Friday, May 7, 2010

IRIN Begins Velayat-89 Maneuvers

IRIN Begins Velayat-89 Maneuvers

The Islamic Republic of Iran Navy began wargames Wednesday, May 5th at the mouth of the Persian Gulf where it meets the Sea of Oman. It is set to last 8 days and consist of 6 phases.

While the wargames are not yet over, some pictures and videos have been released.
So far we have seen:

1) Extensive CBW training - Naval marines practiced decontamination as well as fighting in a chemical or biological atmosphere which involved MOPP suits as well as erecting decontamination tents. Notable was the use of the "Drakhsh-7" (pictured below) which is a small system mounted on a Toyota Land Cruiser which houses sensors and a water cannon for washing down targets, which can be operated from inside the truck.



2) Airborne Assault and Amphibious Operations - so far we have seen a heavy emphasis on offensive naval infantry operations, both using hovercrafts as well as naval and army aviation assets. This possibly reflects a change in recent years by the IRIN to project a more conventional offensive capability to better complement the inherently defensive doctrine of the IRGCN. This also comes as Iran has launched it's first indigenous frigate sized vessel and as they undertake more and more operations further abroad off the coast of Somalia.



3) Kaman Patrol Boats - Kaman class patrol boats is the Iranian designation for the French Combattante. They make up a significant presence in the Iranian navy, both in the Caspian and the Persian Gulf / Gulf of Oman / Indian Ocean.

The interesting part is that in the wargames they were seen without unique numbering, carrying only the general designation "P22_" whereas the complete designation for the Kaman class would be somewhere in between P221-P232. This omission doesn't necessarily indicate that there are more Kaman / Sina class boats then previously known, but it does indicate that something is afoot, whatever that might be.

Another interesting feature of the Kaman class boats is that they are being seen armed with Harpoon AShM's in addition to the normal load-out of Noor AShM's. This indicates that Iran has found some way of replenishing their stocks of Harpoons, the original missiles all past their shelf life by this time. This means that Iran is either producing them domestically, which would mean they would be roughly equivalent, though probably slightly improved, to the earlier models of the RGM-84, whereas if Iran is procuring it from the open market, it is far more likely to be one of the later versions of the missile.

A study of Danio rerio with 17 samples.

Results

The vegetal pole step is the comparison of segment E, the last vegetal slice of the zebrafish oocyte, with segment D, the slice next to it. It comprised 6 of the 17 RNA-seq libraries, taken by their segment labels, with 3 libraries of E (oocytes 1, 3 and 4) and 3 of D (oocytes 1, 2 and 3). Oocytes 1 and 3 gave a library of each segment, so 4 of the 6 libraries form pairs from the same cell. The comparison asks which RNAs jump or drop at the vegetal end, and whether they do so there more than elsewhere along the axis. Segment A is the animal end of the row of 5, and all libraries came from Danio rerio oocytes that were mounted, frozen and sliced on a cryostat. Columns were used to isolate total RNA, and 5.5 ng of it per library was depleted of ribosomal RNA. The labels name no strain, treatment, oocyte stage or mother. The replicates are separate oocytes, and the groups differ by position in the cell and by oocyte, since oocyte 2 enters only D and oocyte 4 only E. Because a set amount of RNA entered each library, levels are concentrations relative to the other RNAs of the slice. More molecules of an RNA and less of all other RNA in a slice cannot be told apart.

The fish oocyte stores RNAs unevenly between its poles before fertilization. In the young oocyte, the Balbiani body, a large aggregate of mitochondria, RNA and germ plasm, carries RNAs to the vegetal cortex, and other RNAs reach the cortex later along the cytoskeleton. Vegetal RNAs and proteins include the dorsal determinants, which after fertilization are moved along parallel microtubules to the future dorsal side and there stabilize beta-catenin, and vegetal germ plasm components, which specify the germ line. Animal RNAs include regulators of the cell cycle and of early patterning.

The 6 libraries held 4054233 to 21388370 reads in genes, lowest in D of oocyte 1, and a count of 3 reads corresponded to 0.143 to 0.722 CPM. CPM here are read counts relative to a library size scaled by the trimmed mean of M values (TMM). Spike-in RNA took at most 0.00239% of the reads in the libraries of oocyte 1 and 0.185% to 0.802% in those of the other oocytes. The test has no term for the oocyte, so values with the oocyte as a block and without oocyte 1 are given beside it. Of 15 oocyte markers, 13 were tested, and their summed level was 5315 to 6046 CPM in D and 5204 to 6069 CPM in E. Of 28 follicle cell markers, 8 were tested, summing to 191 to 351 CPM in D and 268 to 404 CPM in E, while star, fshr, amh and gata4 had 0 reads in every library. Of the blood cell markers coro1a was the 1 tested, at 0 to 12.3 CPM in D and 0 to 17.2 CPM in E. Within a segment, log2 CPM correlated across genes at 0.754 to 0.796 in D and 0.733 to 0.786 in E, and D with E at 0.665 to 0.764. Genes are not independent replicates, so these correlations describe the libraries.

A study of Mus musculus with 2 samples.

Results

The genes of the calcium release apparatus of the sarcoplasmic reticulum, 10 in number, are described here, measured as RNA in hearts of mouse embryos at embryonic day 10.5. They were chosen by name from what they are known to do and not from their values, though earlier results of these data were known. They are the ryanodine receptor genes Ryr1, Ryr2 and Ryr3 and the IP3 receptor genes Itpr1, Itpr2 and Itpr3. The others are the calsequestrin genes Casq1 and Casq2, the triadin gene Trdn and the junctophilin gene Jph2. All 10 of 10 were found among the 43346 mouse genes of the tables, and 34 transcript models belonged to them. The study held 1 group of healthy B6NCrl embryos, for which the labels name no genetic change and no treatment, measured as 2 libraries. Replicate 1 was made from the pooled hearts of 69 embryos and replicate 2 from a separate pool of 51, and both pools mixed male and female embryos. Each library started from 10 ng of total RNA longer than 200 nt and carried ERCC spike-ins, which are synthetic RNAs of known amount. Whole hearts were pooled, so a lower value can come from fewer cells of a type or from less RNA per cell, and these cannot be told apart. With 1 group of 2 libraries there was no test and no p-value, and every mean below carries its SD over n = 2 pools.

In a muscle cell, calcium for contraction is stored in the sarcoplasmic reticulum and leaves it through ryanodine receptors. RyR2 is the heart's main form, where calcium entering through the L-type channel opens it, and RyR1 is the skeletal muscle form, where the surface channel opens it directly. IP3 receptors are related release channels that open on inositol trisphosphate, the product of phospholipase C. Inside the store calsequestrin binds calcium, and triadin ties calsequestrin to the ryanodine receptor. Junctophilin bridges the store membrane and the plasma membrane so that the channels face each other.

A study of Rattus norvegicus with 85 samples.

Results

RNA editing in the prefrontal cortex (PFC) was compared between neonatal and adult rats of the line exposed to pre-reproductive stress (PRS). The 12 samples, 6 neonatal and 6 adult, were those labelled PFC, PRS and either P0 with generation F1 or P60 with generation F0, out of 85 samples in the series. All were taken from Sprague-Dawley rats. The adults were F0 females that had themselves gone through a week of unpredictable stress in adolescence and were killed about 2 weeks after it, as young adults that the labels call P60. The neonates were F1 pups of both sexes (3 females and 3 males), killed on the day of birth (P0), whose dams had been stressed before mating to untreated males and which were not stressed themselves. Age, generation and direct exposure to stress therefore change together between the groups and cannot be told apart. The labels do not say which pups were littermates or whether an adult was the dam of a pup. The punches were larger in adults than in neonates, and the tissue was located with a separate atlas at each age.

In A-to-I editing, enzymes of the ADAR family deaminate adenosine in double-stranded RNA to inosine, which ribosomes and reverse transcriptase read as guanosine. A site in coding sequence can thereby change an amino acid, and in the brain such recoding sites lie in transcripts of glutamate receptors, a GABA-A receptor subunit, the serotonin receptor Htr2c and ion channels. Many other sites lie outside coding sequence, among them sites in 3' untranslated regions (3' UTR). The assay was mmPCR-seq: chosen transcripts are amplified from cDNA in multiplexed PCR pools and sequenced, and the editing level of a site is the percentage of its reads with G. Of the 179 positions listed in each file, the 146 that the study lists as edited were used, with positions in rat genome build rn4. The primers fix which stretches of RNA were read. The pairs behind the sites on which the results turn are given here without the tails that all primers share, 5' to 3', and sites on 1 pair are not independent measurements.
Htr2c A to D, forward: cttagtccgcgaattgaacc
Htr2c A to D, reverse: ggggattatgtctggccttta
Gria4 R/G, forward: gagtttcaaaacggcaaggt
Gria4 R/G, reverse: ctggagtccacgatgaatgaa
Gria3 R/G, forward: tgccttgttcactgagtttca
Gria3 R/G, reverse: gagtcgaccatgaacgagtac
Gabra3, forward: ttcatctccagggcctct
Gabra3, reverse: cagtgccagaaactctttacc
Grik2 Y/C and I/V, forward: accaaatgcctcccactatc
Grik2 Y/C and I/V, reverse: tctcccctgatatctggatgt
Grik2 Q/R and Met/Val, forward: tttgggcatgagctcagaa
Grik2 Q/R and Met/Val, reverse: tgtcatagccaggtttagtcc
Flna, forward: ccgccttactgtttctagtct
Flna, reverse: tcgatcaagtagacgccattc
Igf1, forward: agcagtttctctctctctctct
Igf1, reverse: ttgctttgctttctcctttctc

Lastly, at least one example shows them armed with the SM-1 SAM's and a rear mounted targetting radar that replaces the AShM's and the 40 mm cannon.




Now let's see what the rest of the exercises have in store, supposedly it will involve extensive submarine as well as UCAV operations.

Tuesday, May 4, 2010

Iran Unveils Mesbah-1 AAA

Iran Unveils Mesbah-1 AAA

Iran recently unveiled the Mesbah-1 anti-aircraft gun at a ceremony attended by Defense Minister Ahmad Vahidi and numerous other defense officials. The Mesbah-1 is a short range, radar-guided gun designed for short-range protection that while a good upgrade for existing ZU-23-2 infrastructure, doesn't change the overall effectiveness of Irans larger air-defense network, if only because of its short range and role as a tactical rather then strategic system.

The Mesbah-1 system, with an 8-barreled gun, and at least two trailers carrying target acquisition systems.


The system is composed of 4 Zu-23-2 guns (8 individual guns in total). However the most interesting part is the radar which appears to be some sort of phased array system (keeping in mind i have minimal knowledge about radar's in general). Though it is unique in that instead of beign composed of a single slab, it's composed of a series of little "mounds". It also has a backup optical system in much the same manner as the 35 mm Samavat system.

Detection Systems - radar on the right, note the unique style of "mounds" rather then the conventional slab design. To the left is an optical tracking system.

The system appears to be fairly mobile, with a truck mounted radar system and with the gun mounted on a wheeled platform, indicating that this is not meant for static defense, but mobile air cover instead.

Interestingly enough, this is the "4,000 RPM" system that was advertised before that most had thought was a Gatling-gun system, and rightfully so after they had labeled it as such. Interestingly enough though, the theoretical ROF is not directly scaled up from the Zu-23-2, which if it was, would be 8,000 RPM (2,000 RPM per Zu-23-2).

Saturday, May 1, 2010

Iran Unveils Toofan Helicopter

Iran Unveils Toofan Helicopter
Iran recently showed 10 new 'Toofan' attack helicopters that were being delivered to the Islamic Republic of Iran Army Aviation (IRIAA).

These new attack helicopters are based on the AH-1J originally delivered to the Shah. In fact, they appear to be almost carbon copies. The only difference is a slight redesign of the TOW sights mounted in the nose, though this might reflect an actual internal change, or just a change in manufacturing.

They appear to be new airframes, which would be significant in that they are now capable of mass-producing them, rather then simply producing demonstration models like the P4.